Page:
New signage went up earlier this month at Holmlund’s Wallpaper & Paint, right next to the North Main Street viaduct. The sign caps off a complete overhaul of the building’s exterior by owner Andy Jochum.
It also caps off the polishing of the entire city block between West First Street and the railroad that began last summer with assistance from the Jamestown Renaissance Corporation. The buildings there are among 36 exterior renovation projects in downtown Jamestown supported by the JRC since 2008 in partnerships with downtown building owners and City Hall.
Add to those efforts the 200-plus neighborhood property owners in 22 self-identified clusters that have completed, or are currently undertaking, exterior improvements to their homes as part of the JRC’s Renaissance Block Challenge. And add to those the countless other improvements that property owners are completing independently across the city.
This work might, in a way, seem superficial. What does it really accomplish? How does it move Jamestown any closer to developing an economy that will provide sorely needed jobs?
Although the improvements themselves support only a handful of construction, landscaping, and other jobs, they’re having a much broader, long-term impact on economic development efforts.
That’s because economic development today is rarely about attracting a new 1,000-job industrial plant. Those opportunities are exceedingly rare. And the idea that communities should focus their energy on luring a big new plant or office to town is outdated.
Instead, strategies to attract and retain talented and entrepreneurial people- those likely to start or support new enterprises – are at the core of most modern economic development strategies. As a result, successful cities are focusing carefully on creating and providing the vibrant downtowns, healthy neighborhoods, great parks, and other features that attract creative people. Places that offer these things have much more vibrant and resilient economies today compared to those that don’t.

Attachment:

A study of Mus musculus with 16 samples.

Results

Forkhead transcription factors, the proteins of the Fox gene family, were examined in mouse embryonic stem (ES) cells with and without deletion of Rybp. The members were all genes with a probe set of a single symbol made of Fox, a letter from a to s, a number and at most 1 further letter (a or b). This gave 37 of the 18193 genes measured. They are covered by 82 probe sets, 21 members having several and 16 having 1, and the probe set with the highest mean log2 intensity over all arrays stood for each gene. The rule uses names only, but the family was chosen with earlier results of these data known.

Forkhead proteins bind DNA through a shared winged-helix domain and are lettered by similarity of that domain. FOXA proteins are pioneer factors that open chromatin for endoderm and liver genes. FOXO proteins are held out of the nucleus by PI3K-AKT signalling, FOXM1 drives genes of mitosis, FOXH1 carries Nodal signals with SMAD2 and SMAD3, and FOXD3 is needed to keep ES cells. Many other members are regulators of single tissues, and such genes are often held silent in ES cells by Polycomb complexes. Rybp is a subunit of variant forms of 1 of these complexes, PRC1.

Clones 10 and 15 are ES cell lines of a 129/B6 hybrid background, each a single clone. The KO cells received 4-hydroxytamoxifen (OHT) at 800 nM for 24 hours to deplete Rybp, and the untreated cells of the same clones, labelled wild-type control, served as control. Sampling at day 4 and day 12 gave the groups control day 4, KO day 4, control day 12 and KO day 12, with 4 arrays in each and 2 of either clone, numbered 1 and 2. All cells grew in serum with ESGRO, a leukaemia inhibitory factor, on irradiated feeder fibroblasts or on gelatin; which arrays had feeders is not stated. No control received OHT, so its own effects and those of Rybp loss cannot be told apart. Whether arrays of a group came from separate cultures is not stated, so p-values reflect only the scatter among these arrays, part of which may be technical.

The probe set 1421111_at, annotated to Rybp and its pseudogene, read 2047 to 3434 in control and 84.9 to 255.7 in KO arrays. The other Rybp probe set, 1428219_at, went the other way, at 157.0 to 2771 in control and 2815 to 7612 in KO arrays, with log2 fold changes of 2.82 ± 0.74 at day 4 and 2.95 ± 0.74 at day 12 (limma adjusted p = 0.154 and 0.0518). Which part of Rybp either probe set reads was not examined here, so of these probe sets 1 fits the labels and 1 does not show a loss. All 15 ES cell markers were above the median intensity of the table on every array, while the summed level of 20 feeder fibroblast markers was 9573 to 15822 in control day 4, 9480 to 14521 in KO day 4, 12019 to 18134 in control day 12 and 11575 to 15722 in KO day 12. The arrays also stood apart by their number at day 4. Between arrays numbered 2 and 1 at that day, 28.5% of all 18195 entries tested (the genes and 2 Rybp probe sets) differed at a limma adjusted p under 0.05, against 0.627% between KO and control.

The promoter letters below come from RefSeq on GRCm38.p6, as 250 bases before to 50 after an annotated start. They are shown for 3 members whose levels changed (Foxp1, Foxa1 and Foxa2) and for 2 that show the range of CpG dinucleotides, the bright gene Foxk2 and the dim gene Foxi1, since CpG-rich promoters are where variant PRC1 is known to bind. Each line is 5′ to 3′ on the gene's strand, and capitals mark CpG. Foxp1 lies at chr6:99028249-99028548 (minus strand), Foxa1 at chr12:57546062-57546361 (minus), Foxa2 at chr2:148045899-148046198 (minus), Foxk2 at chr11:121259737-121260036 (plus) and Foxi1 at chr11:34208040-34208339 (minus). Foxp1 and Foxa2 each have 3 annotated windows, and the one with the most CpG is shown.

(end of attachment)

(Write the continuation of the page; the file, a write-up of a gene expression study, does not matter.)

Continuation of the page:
Thus, efforts to make downtown Jamestown and the city’s neighborhoods livelier and more attractive are central to the future competitiveness of the Greater Jamestown area. If the city offers an attractive lifestyle to skilled individuals, the area’s economy is more likely to have the steady churn of small, flexible enterprises that keep a region’s economy diversified and on the cutting edge. From time to time, this churn will produce a company that employs 100, 500, or 1,000 people.
And this doesn’t end at the city line. When Jamestown’s charming and improving downtown is combined with the retail amenities of Lakewood and West Ellicott, the recreational assets of Chautauqua Lake and nearby ski country, access to cultural opportunities at the Chautauqua Institution, and proximity to major metropolitan areas, a number of affordable and compelling lifestyle options come together. For individuals who can pick up and move anywhere, the Jamestown area becomes somewhere to consider.
Nearby Buffalo is a powerful example of this strategy. While the city still struggles with vacancy and blight in several areas, efforts to improve the downtown, waterfront, parks system, and several key neighborhoods are starting to pay off in a big way. Real estate values are rising, private development is booming, the population is stabilizing after decades of rapid loss, and some large new businesses are setting up shop. The new businesses, though, are materializing because the workers they need want to be in Buffalo.
The dozens of facade renovations, commercial space improvements, and new amenities in downtown Jamestown have yet to reach a similar tipping point. But they’ve moved the city closer to being a place where creative people see promise and their own future.
This post was published by the Post-Journal on September 15th as part of the JRC’s biweekly Renaissance Reflections.